An hour of weeping through This Is Us. A night of staying up to greet the new year at dawn. A month straight of allergies, just because it's April. A big, steaming bowl of salty ramen. A decade of working that 9 to 5... or 6, or 7, or 8. The question isn't so much if major under-eye puffiness will come for you — it's a matter of when. The real question is, what are you going to do about it?
The first thing to determine is what kind of puffiness you're dealing with. If it's an around-the-clock situation, the swollen look is likely due to the presence of fat pads under the skin, which can be hereditary and require surgical removal. But if the scourge of under-eye puffery comes and goes, it's likely due to water retention (thanks to crying, hormonal changes, lack of sleep, and other temporary causes) and can be minimized far less invasively.
For the 411 on quick fixes, we asked New York-based dermatologist and assistant professor at Albert Einstein College of Medicine Dendy Engelman, MD, who offered these lifestyle tweaks: "If you have allergies, speak to your physician about getting antihistamines, such as Zyrtec or Claritin," she says. "DIY lymphatic-drainage massages can also reduce the puffiness, as can leveling your pillow so that water doesn’t pool underneath your eyes while you sleep."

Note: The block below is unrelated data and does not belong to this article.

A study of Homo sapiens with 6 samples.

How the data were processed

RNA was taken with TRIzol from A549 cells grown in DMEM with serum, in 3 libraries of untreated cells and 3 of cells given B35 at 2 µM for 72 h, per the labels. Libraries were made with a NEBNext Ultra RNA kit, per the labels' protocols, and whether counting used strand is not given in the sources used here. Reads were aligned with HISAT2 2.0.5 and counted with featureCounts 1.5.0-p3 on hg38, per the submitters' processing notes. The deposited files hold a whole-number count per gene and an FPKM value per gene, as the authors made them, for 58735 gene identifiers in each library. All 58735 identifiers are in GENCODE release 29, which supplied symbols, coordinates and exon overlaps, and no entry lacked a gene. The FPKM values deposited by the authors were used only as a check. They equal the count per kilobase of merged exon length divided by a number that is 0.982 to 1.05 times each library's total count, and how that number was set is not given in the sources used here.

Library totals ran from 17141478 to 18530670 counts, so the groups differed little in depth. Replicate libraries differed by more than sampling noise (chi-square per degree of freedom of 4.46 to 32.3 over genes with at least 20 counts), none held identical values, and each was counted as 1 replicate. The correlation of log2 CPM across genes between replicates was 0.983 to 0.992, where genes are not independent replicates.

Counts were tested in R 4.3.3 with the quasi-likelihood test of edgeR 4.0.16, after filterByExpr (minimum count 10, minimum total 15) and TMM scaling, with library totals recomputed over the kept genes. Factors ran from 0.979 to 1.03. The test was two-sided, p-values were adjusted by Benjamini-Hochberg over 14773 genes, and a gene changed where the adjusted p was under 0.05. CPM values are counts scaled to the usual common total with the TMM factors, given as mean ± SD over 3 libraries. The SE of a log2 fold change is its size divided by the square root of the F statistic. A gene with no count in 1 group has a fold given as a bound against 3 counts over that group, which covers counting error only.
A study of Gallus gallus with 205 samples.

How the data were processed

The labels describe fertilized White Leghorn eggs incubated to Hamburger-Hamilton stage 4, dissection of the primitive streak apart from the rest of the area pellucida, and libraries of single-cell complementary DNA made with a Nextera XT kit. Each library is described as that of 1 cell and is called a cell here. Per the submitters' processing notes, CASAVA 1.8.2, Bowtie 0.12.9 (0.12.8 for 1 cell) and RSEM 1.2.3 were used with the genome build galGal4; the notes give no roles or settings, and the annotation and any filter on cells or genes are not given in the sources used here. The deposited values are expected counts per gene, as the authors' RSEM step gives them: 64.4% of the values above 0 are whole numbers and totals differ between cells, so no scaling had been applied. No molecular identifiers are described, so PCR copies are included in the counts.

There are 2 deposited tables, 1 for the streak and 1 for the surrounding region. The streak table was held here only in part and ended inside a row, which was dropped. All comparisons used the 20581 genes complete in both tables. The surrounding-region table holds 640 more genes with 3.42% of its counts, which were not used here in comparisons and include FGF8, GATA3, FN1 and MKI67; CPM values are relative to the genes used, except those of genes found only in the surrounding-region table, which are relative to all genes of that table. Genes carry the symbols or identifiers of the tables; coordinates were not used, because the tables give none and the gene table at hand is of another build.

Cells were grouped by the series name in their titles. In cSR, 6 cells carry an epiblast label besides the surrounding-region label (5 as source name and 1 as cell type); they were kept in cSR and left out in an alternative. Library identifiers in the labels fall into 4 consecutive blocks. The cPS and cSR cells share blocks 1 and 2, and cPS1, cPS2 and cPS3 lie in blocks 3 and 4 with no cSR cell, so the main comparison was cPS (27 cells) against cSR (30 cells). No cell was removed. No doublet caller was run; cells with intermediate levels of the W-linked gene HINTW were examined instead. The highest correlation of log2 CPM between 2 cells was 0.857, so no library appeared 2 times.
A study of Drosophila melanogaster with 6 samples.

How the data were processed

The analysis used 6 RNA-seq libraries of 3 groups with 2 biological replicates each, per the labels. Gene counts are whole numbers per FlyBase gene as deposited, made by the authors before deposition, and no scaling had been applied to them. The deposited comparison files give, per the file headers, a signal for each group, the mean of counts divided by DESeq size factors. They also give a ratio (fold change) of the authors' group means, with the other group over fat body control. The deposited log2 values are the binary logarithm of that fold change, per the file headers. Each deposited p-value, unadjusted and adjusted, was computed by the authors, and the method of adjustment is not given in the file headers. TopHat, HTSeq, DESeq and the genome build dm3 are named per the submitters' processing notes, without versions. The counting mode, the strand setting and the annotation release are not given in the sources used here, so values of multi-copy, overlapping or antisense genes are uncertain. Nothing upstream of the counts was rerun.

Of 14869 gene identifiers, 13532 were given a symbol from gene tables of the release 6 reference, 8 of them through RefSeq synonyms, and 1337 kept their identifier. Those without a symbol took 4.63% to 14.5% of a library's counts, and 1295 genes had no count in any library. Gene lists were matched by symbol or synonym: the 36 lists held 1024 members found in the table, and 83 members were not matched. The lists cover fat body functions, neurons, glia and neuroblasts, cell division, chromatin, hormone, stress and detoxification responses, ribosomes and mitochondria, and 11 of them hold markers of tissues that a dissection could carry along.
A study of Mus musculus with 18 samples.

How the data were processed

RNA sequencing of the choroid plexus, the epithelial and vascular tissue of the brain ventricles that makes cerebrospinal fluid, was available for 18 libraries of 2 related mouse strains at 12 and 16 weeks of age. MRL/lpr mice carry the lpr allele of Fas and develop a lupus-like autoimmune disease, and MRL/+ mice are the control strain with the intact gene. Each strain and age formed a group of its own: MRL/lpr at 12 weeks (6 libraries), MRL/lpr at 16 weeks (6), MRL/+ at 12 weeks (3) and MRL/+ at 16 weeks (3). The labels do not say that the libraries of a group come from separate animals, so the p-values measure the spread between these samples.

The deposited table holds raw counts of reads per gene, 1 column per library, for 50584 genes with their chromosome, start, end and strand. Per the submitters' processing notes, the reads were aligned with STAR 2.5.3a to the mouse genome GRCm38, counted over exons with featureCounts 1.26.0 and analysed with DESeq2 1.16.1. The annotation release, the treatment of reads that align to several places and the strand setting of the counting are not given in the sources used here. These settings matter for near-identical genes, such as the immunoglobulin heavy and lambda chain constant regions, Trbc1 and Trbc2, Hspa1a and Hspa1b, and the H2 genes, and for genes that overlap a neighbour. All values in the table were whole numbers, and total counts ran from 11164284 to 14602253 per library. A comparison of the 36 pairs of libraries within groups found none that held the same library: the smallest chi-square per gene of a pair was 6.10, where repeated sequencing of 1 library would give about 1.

Then there's skin care: In addition to caffeine-charged eye creams, investing in cooling eye masks, primers, serums, and gels can decrease the amount of fluid retention under the eyes, and therefore minimize swelling. "Topical products that contain vasoconstrictors like peptides, green tea, and witch hazel help reduce puffiness, as does vitamin K, which helps with blood coagulation and circulation," Dr. Engelman explains.
Ahead, see the hero products that helped deflate our under eyes after long nights, during periods, and straight through hay fever season. Here's to looking bright-eyed and well-rested in 2019.